YORK, UK — Although past research has shown a link between impaired social relationships and premature mortality, a new meta-analysis suggests there may also be a significant association with increased risk for coronary heart disease (CHD) and stroke.
The review of 23 papers and 181,006 total patients showed a 29% increased risk for incident CHD for those who had poor social connections, shown through loneliness and social-isolation measurements, compared with those with better connections. The lonely and isolated patients also had a 32% increased risk for stroke.
The investigators, led by Dr Nicole K Valtorta (University of York, UK), note that loneliness often contributes to impaired coping methods, isolation affects self-efficacy, and both have been associated with decreased physical activity and increased smoking.
They add that future studies are needed to assess whether targeting these social characteristics "can help to prevent two of the leading causes of death and disability in high-income countries." But for now, "health practitioners have an important role to play in acknowledging the importance of social relations to their patients."
The findings were published online April 18, 206 in Heart.
In an accompanying editorial, Drs Julianne Holt-Lunstad and Timothy B Smith (both from Brigham Young University, Provo, UT) point out that the results "are consistent with substantial research indicating broad health risks" from poor quality and quantity of social connectivity.
With the new findings adding to the literature, and because of predicted increases in impaired social relationships throughout North America and Europe, "medical science needs to squarely address the ramifications for physical health," write the editorialists.
"Include Social Factors in Medical Training"
After examination of 16 health databases, the investigators' final review included 23 studies, with 4628 total CHD events and 3002 stroke events, and follow-ups ranging from 3 to 21 years. Of the studies examined, 18 had social-isolation measurements only, three had loneliness measurements, and two had measurements of both. Also, 18 studies measured CHD and 10 measured stroke—with five reporting on both.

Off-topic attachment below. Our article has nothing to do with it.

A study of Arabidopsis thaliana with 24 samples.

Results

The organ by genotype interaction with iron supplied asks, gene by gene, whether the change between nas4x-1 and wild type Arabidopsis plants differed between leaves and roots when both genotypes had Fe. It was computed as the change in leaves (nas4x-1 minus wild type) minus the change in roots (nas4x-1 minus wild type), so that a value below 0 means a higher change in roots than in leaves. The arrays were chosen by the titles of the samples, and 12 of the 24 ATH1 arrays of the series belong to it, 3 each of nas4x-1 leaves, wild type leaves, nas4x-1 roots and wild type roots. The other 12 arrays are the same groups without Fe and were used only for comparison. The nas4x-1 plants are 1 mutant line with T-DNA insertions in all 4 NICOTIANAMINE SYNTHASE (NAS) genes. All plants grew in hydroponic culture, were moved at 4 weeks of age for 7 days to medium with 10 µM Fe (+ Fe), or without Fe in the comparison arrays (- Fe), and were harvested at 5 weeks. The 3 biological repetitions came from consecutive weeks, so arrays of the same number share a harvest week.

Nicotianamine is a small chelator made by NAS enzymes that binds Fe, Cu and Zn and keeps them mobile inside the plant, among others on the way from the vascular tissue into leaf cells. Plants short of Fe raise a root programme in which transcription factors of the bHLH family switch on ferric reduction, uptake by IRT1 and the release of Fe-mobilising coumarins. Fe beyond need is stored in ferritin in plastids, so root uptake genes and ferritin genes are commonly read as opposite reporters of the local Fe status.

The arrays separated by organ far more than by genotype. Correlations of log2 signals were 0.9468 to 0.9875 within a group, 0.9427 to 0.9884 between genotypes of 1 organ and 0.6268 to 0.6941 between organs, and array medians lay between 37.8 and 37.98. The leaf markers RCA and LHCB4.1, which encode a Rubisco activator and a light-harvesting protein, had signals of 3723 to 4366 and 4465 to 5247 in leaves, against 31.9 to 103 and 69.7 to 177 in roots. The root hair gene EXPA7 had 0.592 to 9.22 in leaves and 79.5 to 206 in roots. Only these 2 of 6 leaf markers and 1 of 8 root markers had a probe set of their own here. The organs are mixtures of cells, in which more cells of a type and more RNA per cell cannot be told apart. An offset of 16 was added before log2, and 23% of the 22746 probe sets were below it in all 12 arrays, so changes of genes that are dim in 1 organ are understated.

In addition, each study in the current analysis had 98 to 47,713 participants.
The pooled relative risk (RR) for incident CHD was 1.29 for the participants who reported having high loneliness or social-isolation scores vs those with low scores (95% CI 1.0–1.6). There were no significant differences between those who reported just loneliness and those who reported just social isolation.
The association found between poor social relationships and CHD was "comparable in size to other recognized psychosocial risk factors, such as anxiety and job strain," note the researchers.
In addition, the RR for stroke for patients with poor social characteristics was 1.32 (95% CI 1.0–1.7).
"The cumulative evidence points to the benefit of including social factors in medical training and continuing education for healthcare professionals," write the editorialists.
They add that just as cardiologists and other clinicians "have taken strong public stances" when it comes to other CVD-exacerbating factors, "further attention to social connections is needed in research and public-health surveillance, prevention, and intervention efforts."
The study was funded by the National Institute for Health Research, Research Trainees Coordinating Center. The study authors and editorialists have disclosed no relevant financial relationships.
Heartwire from Medscape © 2016 Medscape, LLC
Cite this: Loneliness, Isolation May Increase CHD and Stroke Risk - Medscape - Apr 22, 2016.